The Guy Who Hates Indian Food Was Allowed To Write An Op-Ed

Unless you were smart enough to mute the phrase "unpopular food opinion" on Twitter this week, your timeline was an exploded septic tank of people's bad takes about food. As is the cycle of most memes, early responses may have started out innocently enough—"I think the orange rind tastes good" or "Pizza crusts are the worst part of the slice"—before devolving into unfathomable ignorance. The poster boy for the latter category was a man named Tom Nichols' "all Indian food is bad" tweet, a take so reductive, dismissive, and mistaken that it made headlines from New York to Delhi.

Rather than slinking away quietly with his proverbial tail between his legs, Nichols, an author, has since doubled down on his catering-hall-unseasoned-chicken-breast-lunch-plate of a take. In an op-ed for USA Today (a finger wag to you, too, USA Today, for giving this man the microphone), he bemoans what he perceives as outrage culture and continues again and again to prove that he has entirely missed his critics' points.

Rational people pointed out that his tweet oversimplified Indian food, a broad umbrella that includes nuanced, varied regional cuisines with myriad ingredients, spices, and dishes. His response? Don't worry, some of his best friends are Black: "Other well-meaning but misguided people listed dozens of dishes made in the many regions of India and suggested that if I tried them all I would see the light. I doubt it: I have been dragged along to numerous Indian restaurants in the United States, and I even went, on my own, to one of the top Indian restaurants in London on the recommendation of a friend and asked the waiter to guide me. I didn't like any of it."

Others, notably former Congressional candidate and Colorado resident Saira Rao, articulated the specific sting Nichols' tweet delivered to Americans of Indian descent, who have long been told "that I smell weird, that my food smells weird and that Indians shit on the street which is why everything we are smells bad."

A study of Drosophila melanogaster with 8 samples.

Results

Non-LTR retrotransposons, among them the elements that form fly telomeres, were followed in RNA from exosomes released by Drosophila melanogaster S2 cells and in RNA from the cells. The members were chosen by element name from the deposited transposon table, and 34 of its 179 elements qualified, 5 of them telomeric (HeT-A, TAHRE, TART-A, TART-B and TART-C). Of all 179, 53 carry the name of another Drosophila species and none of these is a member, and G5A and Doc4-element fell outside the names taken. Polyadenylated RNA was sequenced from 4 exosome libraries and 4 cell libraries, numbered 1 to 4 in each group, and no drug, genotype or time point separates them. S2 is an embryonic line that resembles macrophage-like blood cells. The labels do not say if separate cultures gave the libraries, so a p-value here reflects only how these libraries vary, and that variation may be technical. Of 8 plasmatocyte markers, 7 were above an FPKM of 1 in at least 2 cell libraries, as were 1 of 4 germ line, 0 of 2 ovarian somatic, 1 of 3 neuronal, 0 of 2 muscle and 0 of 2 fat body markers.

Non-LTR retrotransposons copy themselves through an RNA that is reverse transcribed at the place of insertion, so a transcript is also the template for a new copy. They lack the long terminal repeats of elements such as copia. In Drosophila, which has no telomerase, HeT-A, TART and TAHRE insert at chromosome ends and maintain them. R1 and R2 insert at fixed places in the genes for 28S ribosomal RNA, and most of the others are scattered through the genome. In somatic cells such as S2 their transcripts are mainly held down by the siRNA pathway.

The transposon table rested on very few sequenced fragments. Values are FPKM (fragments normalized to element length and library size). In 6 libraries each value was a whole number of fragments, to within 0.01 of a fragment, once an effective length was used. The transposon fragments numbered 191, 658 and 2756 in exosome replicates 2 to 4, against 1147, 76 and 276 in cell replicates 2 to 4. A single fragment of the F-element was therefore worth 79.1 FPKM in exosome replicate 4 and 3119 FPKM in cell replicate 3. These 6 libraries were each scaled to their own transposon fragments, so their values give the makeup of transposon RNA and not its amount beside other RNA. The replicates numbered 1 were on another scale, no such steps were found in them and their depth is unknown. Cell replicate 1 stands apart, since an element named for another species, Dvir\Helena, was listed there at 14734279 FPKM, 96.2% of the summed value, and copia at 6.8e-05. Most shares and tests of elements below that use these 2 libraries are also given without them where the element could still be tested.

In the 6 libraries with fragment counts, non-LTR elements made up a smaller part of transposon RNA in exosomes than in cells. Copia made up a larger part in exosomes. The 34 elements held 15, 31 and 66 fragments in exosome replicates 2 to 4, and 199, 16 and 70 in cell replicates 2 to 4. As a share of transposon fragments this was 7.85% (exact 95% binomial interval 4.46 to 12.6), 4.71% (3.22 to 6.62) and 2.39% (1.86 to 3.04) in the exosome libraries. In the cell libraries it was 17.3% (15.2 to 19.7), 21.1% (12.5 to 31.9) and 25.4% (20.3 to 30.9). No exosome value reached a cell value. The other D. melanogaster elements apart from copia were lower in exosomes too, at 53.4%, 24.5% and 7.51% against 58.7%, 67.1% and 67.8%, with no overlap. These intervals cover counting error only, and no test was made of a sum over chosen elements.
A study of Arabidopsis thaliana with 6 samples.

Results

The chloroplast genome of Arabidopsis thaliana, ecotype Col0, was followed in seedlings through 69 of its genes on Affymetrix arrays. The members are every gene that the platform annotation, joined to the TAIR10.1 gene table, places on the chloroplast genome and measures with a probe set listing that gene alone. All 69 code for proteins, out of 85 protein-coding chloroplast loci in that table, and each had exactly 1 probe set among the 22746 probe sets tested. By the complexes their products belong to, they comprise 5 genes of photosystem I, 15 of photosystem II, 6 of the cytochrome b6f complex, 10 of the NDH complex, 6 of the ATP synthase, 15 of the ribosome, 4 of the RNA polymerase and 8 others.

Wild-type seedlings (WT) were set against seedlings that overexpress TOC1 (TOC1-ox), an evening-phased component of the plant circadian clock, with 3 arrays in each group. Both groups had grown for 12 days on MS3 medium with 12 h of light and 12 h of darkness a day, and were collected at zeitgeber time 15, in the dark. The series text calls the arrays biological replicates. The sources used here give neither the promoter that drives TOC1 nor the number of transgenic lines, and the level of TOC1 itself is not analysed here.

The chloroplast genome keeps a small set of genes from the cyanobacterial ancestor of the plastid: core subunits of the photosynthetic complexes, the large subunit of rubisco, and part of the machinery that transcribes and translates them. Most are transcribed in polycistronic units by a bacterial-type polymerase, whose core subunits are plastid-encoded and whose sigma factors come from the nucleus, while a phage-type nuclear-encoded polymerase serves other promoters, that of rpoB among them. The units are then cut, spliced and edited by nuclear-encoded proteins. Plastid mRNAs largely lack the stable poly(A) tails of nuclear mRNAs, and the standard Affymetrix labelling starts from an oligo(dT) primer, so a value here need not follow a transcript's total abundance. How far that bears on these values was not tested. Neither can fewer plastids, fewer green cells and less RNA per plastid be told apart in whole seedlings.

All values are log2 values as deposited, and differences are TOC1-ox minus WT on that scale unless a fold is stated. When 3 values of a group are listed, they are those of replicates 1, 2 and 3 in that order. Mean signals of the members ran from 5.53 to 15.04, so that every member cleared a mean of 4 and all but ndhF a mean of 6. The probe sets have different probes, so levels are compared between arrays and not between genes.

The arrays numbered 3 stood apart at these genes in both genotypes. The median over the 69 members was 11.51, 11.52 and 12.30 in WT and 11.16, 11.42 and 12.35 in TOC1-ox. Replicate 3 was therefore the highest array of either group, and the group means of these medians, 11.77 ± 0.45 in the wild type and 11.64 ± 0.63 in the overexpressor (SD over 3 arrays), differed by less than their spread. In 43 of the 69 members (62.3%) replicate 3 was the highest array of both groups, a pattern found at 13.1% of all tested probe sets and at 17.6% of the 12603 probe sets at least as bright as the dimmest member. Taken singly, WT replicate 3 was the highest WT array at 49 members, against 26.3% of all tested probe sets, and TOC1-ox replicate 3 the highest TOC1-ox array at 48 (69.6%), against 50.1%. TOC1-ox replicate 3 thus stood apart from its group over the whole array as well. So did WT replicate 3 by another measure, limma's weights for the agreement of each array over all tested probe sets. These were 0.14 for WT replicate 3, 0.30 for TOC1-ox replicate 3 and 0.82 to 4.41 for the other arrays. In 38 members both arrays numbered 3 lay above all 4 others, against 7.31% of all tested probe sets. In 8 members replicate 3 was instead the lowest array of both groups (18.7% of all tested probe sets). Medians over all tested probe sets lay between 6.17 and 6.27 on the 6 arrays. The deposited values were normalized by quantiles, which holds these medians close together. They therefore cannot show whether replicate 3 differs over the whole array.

This particular criticism is the most important one, and the one that sails over Nichols' head at 30,000 feet. Tweeting not only that you don't like Indian food but that no one else does either is inherently different from tweeting that you don't like granola bars or chicken Parm or dirty Martinis. It's a failure to realize that Indian people continue to experience discrimination and racism, and that a culture's cuisine (particularly for South Asians) is part of "othering" them. Their food is often trotted out as Exhibit A that Indians are strange and unable to assimilate. Just look at what they eat!

Look, maybe Nichols didn't initially realize how his tweet would come off. But he's received criticism—plenty of it—and his op-ed proves he's failed to listen to the voices of those most harmed by his words. The tweet was a joke, he explains. (Remember the golden rule: If you have to explain your joke, it's not a good one.) His op-ed trivializes the harm inflicted by his tweet, wishing we could all just get back to our Thanksgiving turkey brining: "We used to care about more important things. Alas." Indians and Americans of Indian descent have repeatedly told Nichols his tweet is a continuation of a harmful cultural stereotype that makes them feel less welcome in this country. What could be more important—especially during Thanksgiving week—than that?